SHARM EL-SHEIKH, Egypt (AP) — Corporate leaders offered upbeat assessments Saturday of Egypt's economic prospects and confidence in the government's ongoing efforts to streamline the country for business after four years of unrest, as companies signed billion dollar deals at a conference aimed at spurring investment.
The meeting, a cornerstone of the government's plan to woo desperately needed investors, began a day earlier at the spruced-up Red Sea resort of Sharm el-Sheikh with massive commitments from key Gulf allies United Arab Emirates, Saudi Arabia and Kuwait.
Saturday's focus shifted to the private sector, with several companies announcing agreements, including some from Germany's Siemens AG that were the largest single package signed at the three-day conference.
The industrial giant agreed to invest $10.5 billion ($10 billion euros) with projects to build power plants that will boost the country's electricity generation capacity by up to a third. CEO Joe Kaeser told The Associated Press that the deals were signed Saturday after negotiations with President Abdel-Fattah el-Sissi, "who drove a hard bargain."
"It will create 1,000 jobs and we're ready to start as soon as possible," he said. "We've been doing business here for over 110 years so we've seen crisis come and go. ... It's not about (us) coming and going."
He said the package included binding agreements worth about $4.6 billion ($4.4 billion euros). They include a new 4.4-gigawatt power plant in southern Egypt, a project to generate 2 gigawatts of wind power and a new wind rotor blade factory. The other agreements were memorandums of understanding to build other plants and substations over the coming five years.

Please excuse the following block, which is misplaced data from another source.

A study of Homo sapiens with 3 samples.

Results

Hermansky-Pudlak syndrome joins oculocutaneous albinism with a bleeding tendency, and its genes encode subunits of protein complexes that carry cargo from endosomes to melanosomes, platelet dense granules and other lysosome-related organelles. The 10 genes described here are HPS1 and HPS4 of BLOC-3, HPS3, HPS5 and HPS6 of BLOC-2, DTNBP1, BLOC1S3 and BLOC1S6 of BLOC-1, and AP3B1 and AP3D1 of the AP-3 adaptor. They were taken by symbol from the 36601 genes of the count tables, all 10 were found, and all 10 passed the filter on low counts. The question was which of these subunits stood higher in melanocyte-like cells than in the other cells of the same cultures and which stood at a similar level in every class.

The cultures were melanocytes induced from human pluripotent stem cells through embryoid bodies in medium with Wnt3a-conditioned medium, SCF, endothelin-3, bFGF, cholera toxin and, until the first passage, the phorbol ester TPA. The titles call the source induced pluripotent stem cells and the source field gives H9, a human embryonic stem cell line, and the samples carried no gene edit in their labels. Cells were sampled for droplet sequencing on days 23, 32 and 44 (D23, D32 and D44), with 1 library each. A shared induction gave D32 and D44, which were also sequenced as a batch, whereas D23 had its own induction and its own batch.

Italian petroleum company Eni also was among several entities who signed preliminary agreements Saturday. Egypt's Oil Ministry said in a statement that the Eni deal was worth an estimated $5 billion ($4.8 billion euros) and would develop oil and gas resources.
Egypt, the Arab world's most populous country, faces a power shortage causing rolling blackouts that affect tens of millions of people, one of several woes the government is addressing.
More importantly, authorities are fighting an insurgency against Islamic militants in a restive corner of the Sinai Peninsula, several hundred kilometers (miles) north of the conference.
The gathering of royals, heads of state, top international officials and businessmen has emerged as an opportunity for el-Sissi, Egypt's former army chief, to put behind him criticism over the military's 2013 ouster of an elected president, the Islamist Mohammed Morsi.
Since the ouster led by el-Sissi, the government has cracked down hard on Morsi's Muslim Brotherhood and other Islamists, with hundreds killed and thousands imprisoned. It also has targeted secular and liberal activists.
In recent weeks, militants have shifted their focus to a campaign of small bombings aimed at local and foreign business interests in Cairo and other cities, including an American fast food chain, a branch of an Emirati bank, French supermarket chain Carrefour and foreign mobile phone service companies.
Jeff Immelt, CEO of General Electric Co., said that despite the risks, Egypt is a key piece of its global strategy, which considers opportunities over the long term.
"We don't expect things to be perfect but we think over the longer term our investments will pay off," he said in a panel discussion at the event, adding that GE had committed a day earlier to invest $200 million in the country.
Mohamed El-Erian, chief investment adviser for multinational financial services company Allianz, said the difference between now and before the 2011 uprising that toppled longtime autocrat Hosni Mubarak was that the current leadership is serious about bringing prosperity to the people.
"Most of us agree that there's a fundamental change in the design of the economic policy framework," he said. "There's a clear emphasis on inclusive growth."
However, there was some skepticism at the event. Arif Naqvi, chief executive of UAE's private equity Abraaj Group, said that Egypt needs a lot of capital very fast, and that requires more than just government cheering.
"What it needs is for the private sector to stand up and say, 'Yes, this is the time for investment,'" he said. "Because until the private sector does invest, all of the good actions of government, all of these reform processes that are being put in place, will actually not go anywhere."